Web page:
Apple’s delayed iPhone X gave Samsung a massive boost in the UK
- Apple releasing its top-of-the-line iPhone X later than usual gave a big bump to its biggest competitor, Samsung, in the UK.
- Numbers from Kantar Worldpanel show that Samsung had market share of 37.5% in the run-up to the iPhone X launch, compared with Apple’s 34.8%.
- Apple released the iPhone X in November, two months after its usual iPhone launch date.
- When the iPhone X did launch, it gave Apple a big boost in market share in the UK, and the firm regained the number one sales position from Samsung.
- That’s down to Apple superfans rushing to buy the iPhone X, according to one analyst, but mainstream consumers might not follow.
Apple’s delayed launch for the iPhone X gave a massive boost to its biggest competitor, Samsung.
According to statistics from Kantar Worldpanel, Samsung made a huge gain in UK market share during the three months to September, rising 7.1 percentage points to 37.5%.
Apple lost share over that period to 34.8%.
Apple continued to lose share through September and October as a result of delaying the iPhone X launch until November. Normally new iPhones are released in September.
Analyst Dominic Sunnebo said Samsung had taken maximum advantage of the delay.
“Certainly in the UK, Samsung had a strong three months prior to the iPhone X,” he told Business Insider. “We saw Samsung hitting its highest ever share in the UK, and they took as much advantage as they could of that window. There was a significant amount of promotional activity, and it highlighted a bigger price gulf [with Apple.]”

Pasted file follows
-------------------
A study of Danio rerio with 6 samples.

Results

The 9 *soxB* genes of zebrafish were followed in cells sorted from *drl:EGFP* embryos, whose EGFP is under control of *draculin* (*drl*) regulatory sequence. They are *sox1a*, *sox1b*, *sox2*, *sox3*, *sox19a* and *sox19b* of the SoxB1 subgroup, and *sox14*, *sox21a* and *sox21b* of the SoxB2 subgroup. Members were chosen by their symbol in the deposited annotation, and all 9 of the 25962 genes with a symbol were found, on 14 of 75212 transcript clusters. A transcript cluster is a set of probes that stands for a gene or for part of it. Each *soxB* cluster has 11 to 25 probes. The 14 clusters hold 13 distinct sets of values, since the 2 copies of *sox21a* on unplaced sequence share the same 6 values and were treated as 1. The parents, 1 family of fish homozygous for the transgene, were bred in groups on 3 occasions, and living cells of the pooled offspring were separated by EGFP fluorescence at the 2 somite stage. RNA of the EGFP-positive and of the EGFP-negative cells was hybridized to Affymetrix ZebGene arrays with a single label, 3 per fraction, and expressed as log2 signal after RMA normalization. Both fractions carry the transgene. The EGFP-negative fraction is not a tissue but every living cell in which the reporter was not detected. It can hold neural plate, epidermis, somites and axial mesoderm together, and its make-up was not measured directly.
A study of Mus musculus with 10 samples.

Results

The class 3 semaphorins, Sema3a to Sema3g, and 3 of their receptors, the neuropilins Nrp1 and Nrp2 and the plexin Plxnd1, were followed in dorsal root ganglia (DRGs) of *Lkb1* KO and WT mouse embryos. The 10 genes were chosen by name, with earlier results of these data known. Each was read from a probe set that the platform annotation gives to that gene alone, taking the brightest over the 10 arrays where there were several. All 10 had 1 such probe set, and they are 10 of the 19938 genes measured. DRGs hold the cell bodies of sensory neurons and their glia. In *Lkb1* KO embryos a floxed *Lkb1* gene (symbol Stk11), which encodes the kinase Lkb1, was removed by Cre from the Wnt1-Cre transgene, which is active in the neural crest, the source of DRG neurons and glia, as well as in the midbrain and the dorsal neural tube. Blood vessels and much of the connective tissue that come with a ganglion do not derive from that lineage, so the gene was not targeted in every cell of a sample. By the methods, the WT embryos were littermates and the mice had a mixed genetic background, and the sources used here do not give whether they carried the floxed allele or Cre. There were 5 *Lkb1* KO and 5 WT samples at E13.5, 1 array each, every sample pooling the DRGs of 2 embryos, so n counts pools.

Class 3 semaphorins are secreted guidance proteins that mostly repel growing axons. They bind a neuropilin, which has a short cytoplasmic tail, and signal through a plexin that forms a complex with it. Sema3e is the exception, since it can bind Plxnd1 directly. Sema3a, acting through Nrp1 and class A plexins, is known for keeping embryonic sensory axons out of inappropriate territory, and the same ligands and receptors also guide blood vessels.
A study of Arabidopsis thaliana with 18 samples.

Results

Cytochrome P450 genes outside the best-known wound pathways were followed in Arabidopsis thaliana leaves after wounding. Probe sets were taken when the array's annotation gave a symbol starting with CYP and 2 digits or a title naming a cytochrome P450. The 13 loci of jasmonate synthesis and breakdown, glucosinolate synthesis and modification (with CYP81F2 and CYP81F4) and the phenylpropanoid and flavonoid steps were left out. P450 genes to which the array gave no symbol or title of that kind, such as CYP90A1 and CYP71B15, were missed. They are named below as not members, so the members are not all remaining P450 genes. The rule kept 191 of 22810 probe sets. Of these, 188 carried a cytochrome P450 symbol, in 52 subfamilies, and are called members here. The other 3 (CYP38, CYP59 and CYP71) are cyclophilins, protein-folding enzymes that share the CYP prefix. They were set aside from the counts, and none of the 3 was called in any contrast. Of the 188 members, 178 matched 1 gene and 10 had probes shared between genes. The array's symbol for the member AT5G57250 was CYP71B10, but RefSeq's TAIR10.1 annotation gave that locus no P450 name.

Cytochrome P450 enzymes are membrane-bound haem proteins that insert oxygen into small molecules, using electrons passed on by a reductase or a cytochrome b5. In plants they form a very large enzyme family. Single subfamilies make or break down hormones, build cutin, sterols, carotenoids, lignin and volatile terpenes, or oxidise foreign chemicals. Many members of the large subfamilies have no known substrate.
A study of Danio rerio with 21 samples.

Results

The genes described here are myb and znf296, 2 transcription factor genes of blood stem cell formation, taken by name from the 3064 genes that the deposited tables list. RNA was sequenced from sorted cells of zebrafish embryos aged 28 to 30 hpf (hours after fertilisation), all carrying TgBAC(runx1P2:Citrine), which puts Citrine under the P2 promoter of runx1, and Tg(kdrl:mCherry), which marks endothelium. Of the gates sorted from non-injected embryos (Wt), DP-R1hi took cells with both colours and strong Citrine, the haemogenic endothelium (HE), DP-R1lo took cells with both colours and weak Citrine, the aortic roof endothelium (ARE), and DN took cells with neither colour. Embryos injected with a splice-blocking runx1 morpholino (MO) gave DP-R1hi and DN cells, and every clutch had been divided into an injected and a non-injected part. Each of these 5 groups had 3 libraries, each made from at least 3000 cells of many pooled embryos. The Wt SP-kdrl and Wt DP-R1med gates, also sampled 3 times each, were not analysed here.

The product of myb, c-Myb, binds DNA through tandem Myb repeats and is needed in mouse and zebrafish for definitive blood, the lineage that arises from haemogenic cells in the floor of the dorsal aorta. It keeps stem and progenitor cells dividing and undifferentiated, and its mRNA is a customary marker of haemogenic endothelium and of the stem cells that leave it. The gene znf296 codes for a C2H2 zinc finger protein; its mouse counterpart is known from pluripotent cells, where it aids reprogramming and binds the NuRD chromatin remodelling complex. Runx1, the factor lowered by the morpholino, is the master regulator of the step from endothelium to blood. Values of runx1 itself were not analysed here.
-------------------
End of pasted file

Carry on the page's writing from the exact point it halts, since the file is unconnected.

Samsung released its Galaxy S8 and Galaxy S8 Plus flagships in April, giving it a headstart of seven months on Apple. Samsung’s phones are at least £200 cheaper than the £999 iPhone X too.
Once the iPhone X came out though, the picture started to change.
While Samsung’s been the most popular smartphone brand in the UK all year, Apple took the top spot in November. The iPhone maker had its highest ever market share for the UK at almost 50%, almost entirely due to iPhone X purchases.
That’s good news, but the real test is whether Apple can maintain that position past November.
Sunnebo said: “It’s not surprising that in the first month of release you see the iPhone X doing very well, but obviously once that fan base has fulfilled its desire, the question is whether or not mainstream consumers will be able to stump up that kind of money.”
In other words, Apple superfans naturally bought the iPhone X as soon as it was out, but normal smartphone consumers might balk at paying almost £1,000 for a top-of-the-line iPhone the rest of the year. Even the cheaper iPhone 8 is pricier than rival flagships, starting at £829.